Nation Valley News
FINCH — Organizers of the 2015 SDG International Plowing Match & Rural Expo marked their last official event on Finch soil by giving $385,000 back to the community.
Three local hospitals in Stormont, Dundas and Glengarry collected the majority of the IPM’s Legacy Fund — local net proceeds of the Sept. 22-26 event attended by more than 83,000 people.
At the June 18 ceremony inside North Stormont Arena, Winchester District Memorial Hospital (WDMH), Glengarry Memorial Hospital (GMH), and Cornwall Community Hospital (CCH) collected 90 per cent of the scheduled $100,000 that each institution is scheduled to receive once the IPM books are officially closed this fall.
To a cascade of applause, 2015 IPM Chair Jim Brownell presided over the donations in front of hundreds of people gathered for the event’s last official volunteer appreciation event. Many wore the distinctive orange shirts that became closely associated with the event after planning began in 2012.
“There was an amazing amount of money [raised], and we’re very excited what’s happening here this afternoon, said Brownell, praising the legion of volunteers who contributed to last fall’s success. “You were an organized, very successful team … you all made me look good.”
“I think you stole the title from Disney as the happiest place on earth for those few days,” Cindy Peters, WDMH Foundation board member, remarked in praise of the IPM.
“At every hospital, gold standard medical equipment is as important as the professionals who use it. The best equipment combined with our amazing healthcare team results in compassionate, excellent healthcare close to home,” said Peters. “Thank you so much for this incredibly generous gift.”
“Thank you very much for this. I know the event was a lot of hard work. This money represents a lot of blood, sweat and tears. It’s appropriate you call it a Legacy Fund because in Cornwall we’re building a new mental health and addiction centre,” said Dale McSween, chair of the Cornwall Community Hospital Foundation. “This cheque will ensure that we have as much capability in our mental health treatment as we do in the conventional medical area.”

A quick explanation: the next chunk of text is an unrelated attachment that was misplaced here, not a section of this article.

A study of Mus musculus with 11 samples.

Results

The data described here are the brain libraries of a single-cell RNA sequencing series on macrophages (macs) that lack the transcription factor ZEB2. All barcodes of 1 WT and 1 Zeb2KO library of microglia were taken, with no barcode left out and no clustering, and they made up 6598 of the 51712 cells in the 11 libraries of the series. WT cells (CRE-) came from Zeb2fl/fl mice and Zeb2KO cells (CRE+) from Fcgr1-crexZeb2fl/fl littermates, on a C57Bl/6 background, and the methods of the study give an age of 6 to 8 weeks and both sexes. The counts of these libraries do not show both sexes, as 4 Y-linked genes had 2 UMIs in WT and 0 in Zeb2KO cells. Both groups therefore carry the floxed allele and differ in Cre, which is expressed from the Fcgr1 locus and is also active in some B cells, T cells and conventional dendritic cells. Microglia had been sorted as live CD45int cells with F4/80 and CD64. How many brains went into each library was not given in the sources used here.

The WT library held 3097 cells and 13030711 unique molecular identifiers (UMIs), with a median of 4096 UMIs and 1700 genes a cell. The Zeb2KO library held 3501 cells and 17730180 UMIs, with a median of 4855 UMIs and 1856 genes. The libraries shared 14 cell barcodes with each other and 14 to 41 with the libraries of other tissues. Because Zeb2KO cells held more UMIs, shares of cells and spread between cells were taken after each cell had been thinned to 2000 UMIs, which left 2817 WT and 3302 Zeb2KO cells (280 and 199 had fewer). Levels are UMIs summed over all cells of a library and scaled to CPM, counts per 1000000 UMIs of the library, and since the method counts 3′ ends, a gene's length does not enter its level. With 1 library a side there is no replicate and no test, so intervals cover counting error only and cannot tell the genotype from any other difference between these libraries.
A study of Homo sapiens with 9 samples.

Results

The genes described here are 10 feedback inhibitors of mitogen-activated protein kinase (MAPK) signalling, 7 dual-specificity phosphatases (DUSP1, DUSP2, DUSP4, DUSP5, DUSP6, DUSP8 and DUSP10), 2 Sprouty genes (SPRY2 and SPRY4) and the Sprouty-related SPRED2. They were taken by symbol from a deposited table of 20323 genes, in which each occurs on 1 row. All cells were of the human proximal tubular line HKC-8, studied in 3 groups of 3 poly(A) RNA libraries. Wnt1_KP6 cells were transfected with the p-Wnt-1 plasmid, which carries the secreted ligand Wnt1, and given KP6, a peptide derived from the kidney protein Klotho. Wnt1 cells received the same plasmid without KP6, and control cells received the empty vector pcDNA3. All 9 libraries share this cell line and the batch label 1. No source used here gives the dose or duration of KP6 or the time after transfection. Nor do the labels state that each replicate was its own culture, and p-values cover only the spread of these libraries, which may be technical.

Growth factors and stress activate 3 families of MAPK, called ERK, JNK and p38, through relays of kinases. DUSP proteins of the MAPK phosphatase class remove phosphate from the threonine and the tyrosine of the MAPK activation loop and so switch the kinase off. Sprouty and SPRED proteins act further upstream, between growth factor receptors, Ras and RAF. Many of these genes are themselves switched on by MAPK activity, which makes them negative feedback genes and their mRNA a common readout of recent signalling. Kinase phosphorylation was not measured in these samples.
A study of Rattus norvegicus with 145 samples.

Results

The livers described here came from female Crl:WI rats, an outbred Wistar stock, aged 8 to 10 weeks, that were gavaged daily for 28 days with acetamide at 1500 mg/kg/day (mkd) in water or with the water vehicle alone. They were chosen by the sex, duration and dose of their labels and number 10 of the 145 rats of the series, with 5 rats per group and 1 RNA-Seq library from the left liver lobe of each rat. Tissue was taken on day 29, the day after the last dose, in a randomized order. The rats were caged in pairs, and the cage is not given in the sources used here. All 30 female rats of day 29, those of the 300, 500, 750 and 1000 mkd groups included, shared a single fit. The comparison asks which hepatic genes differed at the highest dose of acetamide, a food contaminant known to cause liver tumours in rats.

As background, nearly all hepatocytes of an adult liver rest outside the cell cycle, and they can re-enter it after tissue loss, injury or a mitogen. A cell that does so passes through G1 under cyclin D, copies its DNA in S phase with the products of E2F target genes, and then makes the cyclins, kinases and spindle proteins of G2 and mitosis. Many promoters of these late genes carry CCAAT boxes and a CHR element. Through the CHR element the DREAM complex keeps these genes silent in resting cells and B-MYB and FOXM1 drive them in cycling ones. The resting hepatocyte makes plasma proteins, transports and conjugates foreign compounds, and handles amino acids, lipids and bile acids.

Barry MacDonald, chair of the Glengarry Memorial Hospital, said he was “so thrilled” by the donation, adding the funds would help purchase new IV pumps at that institution.
The balance of the Legacy Fund went to a slew of local causes. Fifteen individual cheques of $1,000 — as chosen by each director — were distributed. Committee representatives handed out an additional 42 cheques of $500 apiece.
Brownell explained that total IPM profits were divided with the Ontario Plowmen’s Association — under whose auspices the event occurs each year at a different site in the province — leaving $385,000 for the local board to distribute. The available sum was also set after repayment of $100,000 to the United Counties of SDG. Organizers were “very appreciative” of this seed money from the counties, he said.
The afternoon included a brief tribute and standing ovation for Jeff Waldroff, the director who originally dreamed of bringing the event back to SDG for its third time in 80 years. The first two editions respectively took place in 1936 and 1958. “We don’t have a date for the next one here,” quipped Waldroff. “Hopefully, there are some younger people that will step up.”
Tokens of appreciation also went out to the other directors as well as the landowners whose fields served as the tented city — Monica and Armin Kagi.
And third place finisher in the IPM’s auctioneers’ challenge, Chad Simmons of Finch, 20, again brought his booming voice to the microphone for a special auction of remaining IPM mementoes.
Leftover commemorative cookbooks, posters and brochures were freely distributed to bring final closure to the 2015 SDG International Plowing Match and Rural Expo.